New Heartworm Testing Recommendations for Dogs

The National Center for Veterinary Parasitology (NCVP), the American Heartworm Society (AHS) and the Companion Animal Parasite Council (CAPC) have updated their heartworm testing recommendations for dogs. The specialists in these organizations recommend annual screening  with an antigen test as well as a microfilaria test on all dogs. This includes dogs who are on heartworm preventative year round. Here’s why:

Treatment for a dog with heartworm disease involves killing the adult worms that live in the heart and then killing off the immature microfilaria that circulate in the bloodstream. Traditionally, the approved adultacide melarsomine was used first followed by moxidectin or a similar drug to kill the microfilaria. The American Heartworm Association has the protocol outlined on their website.  Because of complications with thromboemboli when the adult worms are dying or the fact that some dogs cannot receive the adulticide therapy, some veterinarians turned to a ‘slow-kill’ method.  The ‘slow-kill’ involves long term therapy with one of the macrocyclic lactone preventatives such as ivermectin or milbemycin combined with the antibiotic doxycycline that suppresses production of microfilaria.

Unfortunately, there are drawbacks with using the ‘slow-kill’  therapy. First, the infected dogs produce antibodies against the heartworm antigen that interferes with antigen testing. One study showed fifty percent of the dogs tested will have false negative results to antigen testing. Second, these dogs continue to harbor heartworms that mosquitos may transmit to other animals. It is also feared that the slow-kill method has caused heartworms to become resistant to the preventatives.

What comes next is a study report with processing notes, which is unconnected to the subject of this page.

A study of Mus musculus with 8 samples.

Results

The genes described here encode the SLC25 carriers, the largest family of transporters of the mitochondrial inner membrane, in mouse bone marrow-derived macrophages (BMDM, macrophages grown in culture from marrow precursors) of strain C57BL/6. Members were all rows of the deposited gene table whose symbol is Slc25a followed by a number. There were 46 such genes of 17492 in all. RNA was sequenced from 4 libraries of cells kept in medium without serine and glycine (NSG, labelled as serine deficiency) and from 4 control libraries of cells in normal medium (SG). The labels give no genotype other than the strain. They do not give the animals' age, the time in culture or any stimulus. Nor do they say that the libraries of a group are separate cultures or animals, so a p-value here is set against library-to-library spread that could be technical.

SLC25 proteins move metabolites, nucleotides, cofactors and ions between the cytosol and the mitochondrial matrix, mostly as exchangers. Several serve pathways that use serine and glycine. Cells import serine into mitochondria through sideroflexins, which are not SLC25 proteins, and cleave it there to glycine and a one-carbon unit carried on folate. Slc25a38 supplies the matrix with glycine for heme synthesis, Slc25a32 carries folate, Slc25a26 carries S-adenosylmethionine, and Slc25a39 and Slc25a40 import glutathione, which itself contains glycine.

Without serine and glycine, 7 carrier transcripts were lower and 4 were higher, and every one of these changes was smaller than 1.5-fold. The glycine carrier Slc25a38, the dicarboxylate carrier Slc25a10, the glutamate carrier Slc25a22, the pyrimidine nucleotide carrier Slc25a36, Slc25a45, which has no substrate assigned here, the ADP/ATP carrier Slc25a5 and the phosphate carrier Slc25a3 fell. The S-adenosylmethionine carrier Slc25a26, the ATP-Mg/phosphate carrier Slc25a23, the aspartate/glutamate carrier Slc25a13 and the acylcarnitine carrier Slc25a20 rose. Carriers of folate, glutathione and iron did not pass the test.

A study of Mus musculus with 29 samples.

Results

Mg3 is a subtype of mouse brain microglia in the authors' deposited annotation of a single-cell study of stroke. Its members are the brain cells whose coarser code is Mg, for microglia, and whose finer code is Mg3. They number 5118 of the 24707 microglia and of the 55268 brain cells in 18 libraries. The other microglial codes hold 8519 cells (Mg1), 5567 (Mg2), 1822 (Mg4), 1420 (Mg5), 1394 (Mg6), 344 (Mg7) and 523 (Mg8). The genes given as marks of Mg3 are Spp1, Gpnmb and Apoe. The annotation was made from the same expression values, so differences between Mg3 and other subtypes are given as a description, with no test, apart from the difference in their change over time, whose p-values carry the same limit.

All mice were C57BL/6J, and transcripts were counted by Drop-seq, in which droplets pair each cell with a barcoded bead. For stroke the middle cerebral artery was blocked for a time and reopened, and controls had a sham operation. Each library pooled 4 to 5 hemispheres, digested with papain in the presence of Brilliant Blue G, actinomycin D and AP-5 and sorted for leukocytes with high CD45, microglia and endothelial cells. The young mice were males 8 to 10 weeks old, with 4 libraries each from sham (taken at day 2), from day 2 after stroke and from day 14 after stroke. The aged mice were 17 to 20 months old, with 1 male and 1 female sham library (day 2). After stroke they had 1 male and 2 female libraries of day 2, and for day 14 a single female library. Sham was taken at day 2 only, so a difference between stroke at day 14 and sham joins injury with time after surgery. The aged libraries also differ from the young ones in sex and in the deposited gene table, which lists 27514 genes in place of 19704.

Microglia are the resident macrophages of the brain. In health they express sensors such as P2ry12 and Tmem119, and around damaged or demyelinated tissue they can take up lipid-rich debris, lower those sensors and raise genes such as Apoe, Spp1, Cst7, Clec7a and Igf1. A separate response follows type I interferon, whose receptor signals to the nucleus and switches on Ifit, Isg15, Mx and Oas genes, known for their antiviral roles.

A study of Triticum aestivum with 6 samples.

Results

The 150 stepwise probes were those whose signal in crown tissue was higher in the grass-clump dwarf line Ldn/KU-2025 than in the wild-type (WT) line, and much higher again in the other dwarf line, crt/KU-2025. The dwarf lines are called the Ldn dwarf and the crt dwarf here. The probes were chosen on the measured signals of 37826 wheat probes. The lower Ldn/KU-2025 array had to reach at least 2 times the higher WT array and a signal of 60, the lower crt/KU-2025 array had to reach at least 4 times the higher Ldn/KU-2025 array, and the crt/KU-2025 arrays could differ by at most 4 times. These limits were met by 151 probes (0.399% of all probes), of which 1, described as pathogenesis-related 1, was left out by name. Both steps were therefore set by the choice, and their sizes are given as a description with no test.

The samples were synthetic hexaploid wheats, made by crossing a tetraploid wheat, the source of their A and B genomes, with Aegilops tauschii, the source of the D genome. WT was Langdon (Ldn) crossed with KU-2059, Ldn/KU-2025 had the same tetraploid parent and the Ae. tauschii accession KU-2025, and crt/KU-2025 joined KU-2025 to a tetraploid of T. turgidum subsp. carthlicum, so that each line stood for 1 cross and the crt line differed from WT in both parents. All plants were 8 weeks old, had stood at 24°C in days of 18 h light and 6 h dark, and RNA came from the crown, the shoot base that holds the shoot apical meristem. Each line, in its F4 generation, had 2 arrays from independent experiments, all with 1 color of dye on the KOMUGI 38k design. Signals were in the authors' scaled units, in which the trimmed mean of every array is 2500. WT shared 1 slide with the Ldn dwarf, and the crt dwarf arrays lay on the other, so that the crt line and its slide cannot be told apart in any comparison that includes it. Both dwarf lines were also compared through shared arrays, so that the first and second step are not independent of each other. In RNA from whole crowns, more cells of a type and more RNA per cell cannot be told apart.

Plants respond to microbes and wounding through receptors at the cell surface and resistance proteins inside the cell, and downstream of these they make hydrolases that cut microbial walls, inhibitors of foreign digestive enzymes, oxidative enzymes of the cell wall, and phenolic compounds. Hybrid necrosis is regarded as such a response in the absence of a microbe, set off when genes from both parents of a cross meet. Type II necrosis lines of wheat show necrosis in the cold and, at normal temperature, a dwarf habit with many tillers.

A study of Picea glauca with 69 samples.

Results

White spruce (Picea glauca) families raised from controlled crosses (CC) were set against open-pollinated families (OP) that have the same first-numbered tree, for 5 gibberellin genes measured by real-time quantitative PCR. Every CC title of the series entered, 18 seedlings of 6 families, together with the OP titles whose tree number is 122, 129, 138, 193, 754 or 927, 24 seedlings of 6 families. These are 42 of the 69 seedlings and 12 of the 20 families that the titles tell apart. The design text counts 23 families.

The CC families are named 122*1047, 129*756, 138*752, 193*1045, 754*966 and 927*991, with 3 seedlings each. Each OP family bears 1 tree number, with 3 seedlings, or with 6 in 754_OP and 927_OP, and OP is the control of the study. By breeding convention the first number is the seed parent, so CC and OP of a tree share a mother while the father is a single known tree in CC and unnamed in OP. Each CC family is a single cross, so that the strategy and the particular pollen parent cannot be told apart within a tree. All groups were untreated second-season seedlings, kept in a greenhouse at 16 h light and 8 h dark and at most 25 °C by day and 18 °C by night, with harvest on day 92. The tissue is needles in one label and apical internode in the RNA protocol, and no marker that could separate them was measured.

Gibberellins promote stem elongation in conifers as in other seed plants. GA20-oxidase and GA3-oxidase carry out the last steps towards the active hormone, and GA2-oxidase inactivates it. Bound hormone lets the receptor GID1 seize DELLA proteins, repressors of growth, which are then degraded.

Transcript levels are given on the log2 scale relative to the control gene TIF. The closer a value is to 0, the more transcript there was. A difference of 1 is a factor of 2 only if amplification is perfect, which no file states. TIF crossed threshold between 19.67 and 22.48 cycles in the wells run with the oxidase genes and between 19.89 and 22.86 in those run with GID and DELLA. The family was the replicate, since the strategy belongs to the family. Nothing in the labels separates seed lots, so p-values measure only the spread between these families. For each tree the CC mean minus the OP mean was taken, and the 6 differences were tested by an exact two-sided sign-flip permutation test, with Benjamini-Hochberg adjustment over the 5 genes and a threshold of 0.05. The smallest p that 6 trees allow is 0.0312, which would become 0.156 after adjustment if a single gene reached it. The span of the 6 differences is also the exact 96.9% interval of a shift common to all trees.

For further information on heartworm disease and other animal parasites may be found at and


-Little, Susan. Symbiosis in parasitology: Heartworm recommendations updated. VETERINAY MEDICINE, Sept. 2014 Vol 109:9, pp. 290-292.

Published by kristennelsondvm

Dr. Kristen Nelson grew up on a farm in Watertown, Minn., where she developed a deep love for animals of all kinds. She received a Doctor of Veterinary Medicine degree from the University of Minnesota, College of Veterinary Medicine. Kris then completed a small-animal internship at the prestigious Animal Medical Center in New York City. In addition to writing and speaking, she cares for small and exotic animals in Scottsdale, Az. Dr. Nelson is widely quoted in the media. Her credits include Ladies’ Home Journal, USA TODAY, the Los Angeles Times and numerous radio and television interviews. Dr. Nelson has written two books, Coated With Fur: A Vet’s Life and Coated With Fur: A Blind Cat’s Love. Kris and her husband Steve share their home with rescued cats, birds and a dog.